Many parents wonder about postsecondary options for students with disabilities after they leave high school. Every parent has hopes, dreams, and goals for their child, but sometimes those goals may have to be shifted to fit the needs of their child. However, as a parent, it is important to realize that regardless of the goal and vision that you have for your child, high expectations need to be maintained throughout the postsecondary transition process. When these high expectations are maintained, your child is more likely to be successful in their postsecondary future. For many, transitioning out of high school can be a scary thing for a child and parent. This is why transition planning is very important, as it outlines the steps towards your child’s future. If you are not aware of your child’s choices after high school, consider the following postsecondary options for students with disabilities: college, trade or technical school, vocational rehabilitation services, and adult day programs.
If your child is headed for the college route, then there is a number of educational options available to them. Depending on whether the program is a two-year or four-year degree, the criteria for college varies. Criteria can include a GED or high school diploma, placement exams, test scores, and writing samples. Today, colleges and universities have a Disability Office to ensure that students with disabilities have an opportunity to meet their educational goals, while providing educational support for them in an independent learning environment. Before your child makes a decision on the college they want to attend, they should visit the school and Disability Office to find out what accommodations are provided for students with disabilities and if they will provide your child with the accommodations that they need. Keep in mind, every college is different even though they provide disability services for students.
Trade or Technical School
What if college is not an option for your child? Then learning a trade or attending technical school could be the answer. Does your child have a specific interest such as computers or animals? What about cars or home improvement (i.e. carpentry, plumbing)? There are a variety of programs that focus on specific interest and talents and that offer certificates to give job training. There are also many apprenticeship programs housed in trade and technical schools to put your child on the right track. One of the bonuses of some certificate and apprenticeship programs is that they have job placement opportunities as well. Enrolling in a trade or technical school usually takes less than one to two years to complete. However, it can lead to higher paying job opportunities and can be a step towards another degree.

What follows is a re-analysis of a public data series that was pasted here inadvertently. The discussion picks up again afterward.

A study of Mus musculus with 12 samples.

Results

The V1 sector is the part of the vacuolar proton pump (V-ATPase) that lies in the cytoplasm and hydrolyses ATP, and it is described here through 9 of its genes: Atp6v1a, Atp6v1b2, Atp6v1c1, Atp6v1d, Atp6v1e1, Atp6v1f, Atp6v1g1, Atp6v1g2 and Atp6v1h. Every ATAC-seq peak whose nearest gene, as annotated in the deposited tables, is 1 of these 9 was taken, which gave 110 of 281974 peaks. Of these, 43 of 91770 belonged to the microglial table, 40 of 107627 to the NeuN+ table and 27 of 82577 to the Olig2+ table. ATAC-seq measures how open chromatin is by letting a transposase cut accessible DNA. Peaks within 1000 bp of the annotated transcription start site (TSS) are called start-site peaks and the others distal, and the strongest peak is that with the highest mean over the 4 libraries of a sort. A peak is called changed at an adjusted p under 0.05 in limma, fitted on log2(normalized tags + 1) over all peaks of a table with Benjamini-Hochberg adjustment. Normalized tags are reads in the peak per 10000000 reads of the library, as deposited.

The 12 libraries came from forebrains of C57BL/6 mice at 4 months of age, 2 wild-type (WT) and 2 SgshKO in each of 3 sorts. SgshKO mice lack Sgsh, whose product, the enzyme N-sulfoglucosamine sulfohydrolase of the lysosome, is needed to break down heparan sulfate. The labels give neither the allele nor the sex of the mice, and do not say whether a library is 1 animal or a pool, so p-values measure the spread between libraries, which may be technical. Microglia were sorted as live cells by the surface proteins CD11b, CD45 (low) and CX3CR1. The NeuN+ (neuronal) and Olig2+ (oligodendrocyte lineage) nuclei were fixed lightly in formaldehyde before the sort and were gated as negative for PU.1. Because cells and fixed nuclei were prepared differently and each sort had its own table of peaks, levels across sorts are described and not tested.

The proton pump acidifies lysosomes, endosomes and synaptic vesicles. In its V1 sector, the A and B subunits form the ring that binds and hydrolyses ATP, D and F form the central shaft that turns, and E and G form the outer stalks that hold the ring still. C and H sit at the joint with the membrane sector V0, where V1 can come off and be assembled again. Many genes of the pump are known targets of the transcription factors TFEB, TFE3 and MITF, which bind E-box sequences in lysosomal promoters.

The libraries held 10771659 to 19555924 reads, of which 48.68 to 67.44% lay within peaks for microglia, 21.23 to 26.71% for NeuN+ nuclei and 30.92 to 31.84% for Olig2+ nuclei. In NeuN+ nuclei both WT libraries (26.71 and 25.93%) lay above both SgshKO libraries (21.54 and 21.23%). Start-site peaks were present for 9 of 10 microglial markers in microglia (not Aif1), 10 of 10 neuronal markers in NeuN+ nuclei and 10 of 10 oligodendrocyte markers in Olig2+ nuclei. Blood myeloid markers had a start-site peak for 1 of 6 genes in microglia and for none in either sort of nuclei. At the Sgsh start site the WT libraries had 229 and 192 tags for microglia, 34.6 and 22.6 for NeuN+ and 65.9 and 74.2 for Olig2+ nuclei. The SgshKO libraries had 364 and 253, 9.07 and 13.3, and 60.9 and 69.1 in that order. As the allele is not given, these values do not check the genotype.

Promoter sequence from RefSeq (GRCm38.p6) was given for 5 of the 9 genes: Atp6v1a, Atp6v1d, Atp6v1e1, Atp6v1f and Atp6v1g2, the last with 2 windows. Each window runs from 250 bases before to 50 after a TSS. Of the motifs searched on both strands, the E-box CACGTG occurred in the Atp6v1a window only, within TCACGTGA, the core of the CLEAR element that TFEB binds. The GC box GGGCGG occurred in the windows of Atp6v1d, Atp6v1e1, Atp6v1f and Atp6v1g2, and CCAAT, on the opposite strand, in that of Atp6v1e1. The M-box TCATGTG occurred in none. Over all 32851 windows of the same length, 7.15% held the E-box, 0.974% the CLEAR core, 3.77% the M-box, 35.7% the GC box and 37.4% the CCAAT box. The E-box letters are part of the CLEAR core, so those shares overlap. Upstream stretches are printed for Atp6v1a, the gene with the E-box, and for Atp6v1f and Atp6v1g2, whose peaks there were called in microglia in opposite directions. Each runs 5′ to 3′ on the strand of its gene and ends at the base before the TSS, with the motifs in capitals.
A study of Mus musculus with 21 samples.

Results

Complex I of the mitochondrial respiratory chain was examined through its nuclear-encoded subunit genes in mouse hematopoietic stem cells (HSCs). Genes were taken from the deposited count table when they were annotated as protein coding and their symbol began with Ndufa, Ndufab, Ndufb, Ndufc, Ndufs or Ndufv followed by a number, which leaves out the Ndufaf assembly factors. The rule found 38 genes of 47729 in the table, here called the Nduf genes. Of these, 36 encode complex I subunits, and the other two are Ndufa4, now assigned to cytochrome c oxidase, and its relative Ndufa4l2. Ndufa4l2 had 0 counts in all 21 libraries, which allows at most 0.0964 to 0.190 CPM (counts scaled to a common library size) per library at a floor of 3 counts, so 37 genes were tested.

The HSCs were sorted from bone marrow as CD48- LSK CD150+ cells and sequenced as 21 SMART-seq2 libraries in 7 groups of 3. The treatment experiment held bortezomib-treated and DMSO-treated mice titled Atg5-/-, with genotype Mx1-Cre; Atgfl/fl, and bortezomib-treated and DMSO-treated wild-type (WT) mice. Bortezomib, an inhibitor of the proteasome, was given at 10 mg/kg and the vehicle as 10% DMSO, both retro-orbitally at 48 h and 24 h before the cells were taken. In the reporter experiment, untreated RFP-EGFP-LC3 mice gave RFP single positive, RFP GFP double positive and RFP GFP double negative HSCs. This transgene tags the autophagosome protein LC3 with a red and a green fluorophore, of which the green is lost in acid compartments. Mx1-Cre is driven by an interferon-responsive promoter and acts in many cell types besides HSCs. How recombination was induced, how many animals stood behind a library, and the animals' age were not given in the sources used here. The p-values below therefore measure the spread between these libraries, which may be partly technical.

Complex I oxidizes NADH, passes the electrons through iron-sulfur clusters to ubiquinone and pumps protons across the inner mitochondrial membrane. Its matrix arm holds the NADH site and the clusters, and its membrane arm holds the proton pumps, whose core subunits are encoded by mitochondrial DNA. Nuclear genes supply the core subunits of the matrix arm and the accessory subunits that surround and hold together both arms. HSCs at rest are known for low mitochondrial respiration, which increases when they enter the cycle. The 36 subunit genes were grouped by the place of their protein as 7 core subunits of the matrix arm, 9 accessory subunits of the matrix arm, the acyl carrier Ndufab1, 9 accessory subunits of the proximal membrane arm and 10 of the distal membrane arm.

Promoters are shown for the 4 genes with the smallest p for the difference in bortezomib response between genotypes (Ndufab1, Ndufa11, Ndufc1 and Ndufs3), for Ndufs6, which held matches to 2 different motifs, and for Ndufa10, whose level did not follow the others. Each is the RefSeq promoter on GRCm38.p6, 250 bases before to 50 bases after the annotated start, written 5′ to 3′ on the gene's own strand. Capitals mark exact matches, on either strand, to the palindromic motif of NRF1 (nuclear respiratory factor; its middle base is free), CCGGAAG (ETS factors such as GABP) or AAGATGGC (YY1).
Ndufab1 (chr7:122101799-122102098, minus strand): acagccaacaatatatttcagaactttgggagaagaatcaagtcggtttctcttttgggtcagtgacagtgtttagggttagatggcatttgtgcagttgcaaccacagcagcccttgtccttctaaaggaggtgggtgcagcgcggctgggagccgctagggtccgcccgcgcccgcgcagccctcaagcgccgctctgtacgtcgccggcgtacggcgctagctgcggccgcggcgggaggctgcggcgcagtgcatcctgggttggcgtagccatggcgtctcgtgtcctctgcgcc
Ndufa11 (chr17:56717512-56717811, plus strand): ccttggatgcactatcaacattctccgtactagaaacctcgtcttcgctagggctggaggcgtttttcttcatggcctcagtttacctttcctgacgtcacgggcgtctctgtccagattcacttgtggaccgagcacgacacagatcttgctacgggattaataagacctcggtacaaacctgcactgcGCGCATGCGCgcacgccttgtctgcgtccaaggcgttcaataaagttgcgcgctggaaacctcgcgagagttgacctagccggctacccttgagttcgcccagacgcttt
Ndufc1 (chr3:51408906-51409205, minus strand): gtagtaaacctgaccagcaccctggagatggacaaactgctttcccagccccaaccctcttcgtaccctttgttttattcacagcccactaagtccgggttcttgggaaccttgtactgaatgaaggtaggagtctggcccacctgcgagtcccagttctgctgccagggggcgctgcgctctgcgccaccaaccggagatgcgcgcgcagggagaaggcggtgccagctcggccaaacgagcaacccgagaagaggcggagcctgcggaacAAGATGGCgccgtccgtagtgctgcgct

Vocational Rehabilitation Services
Does your child need counseling and/or job training and skills? Some young adults with disabilities need more guidance and job training that matches their skills. Governmental vocational rehabilitation services can help adults with disabilities with counseling, training, job skills, and job placement services. Vocational rehabilitation services also helps high school students set employment goals and identify the steps and services necessary for achieving their goals, whether it be for on-the-job training or a two- or four-year technical or college degree. Remember, your child should seek out these services starting their junior year of high school (during transition planning) in order to start the process.
Adult Day Programs
Depending on the needs of your child, some young adults with disabilities may need to transition to an adult day program. Adult day programs focus on community-based volunteer and work experiences. The programs are tailored to meet the individual’s needs and goals of each adult. There are federal and local government agencies that offer programs and services to service adults with disabilities. These services can include but are not limited to health care, housing, education, and transportation. Since every governmental agency is different, you should inquire at your local government agency first.
One important thing to keep in mind is that postsecondary options for your child should be planned well in advance during transition planning at your child’s IEP meeting. After a student with a disability leaves school and enters into the adult world, no single agency is required to provide or coordinate any needed services. Parents and young adults with disabilities will have to seek out services for themselves. So utilize the earlier moments (while your child is still in school) to discuss these great opportunities for your child’s future.
What options have you thought about for your child?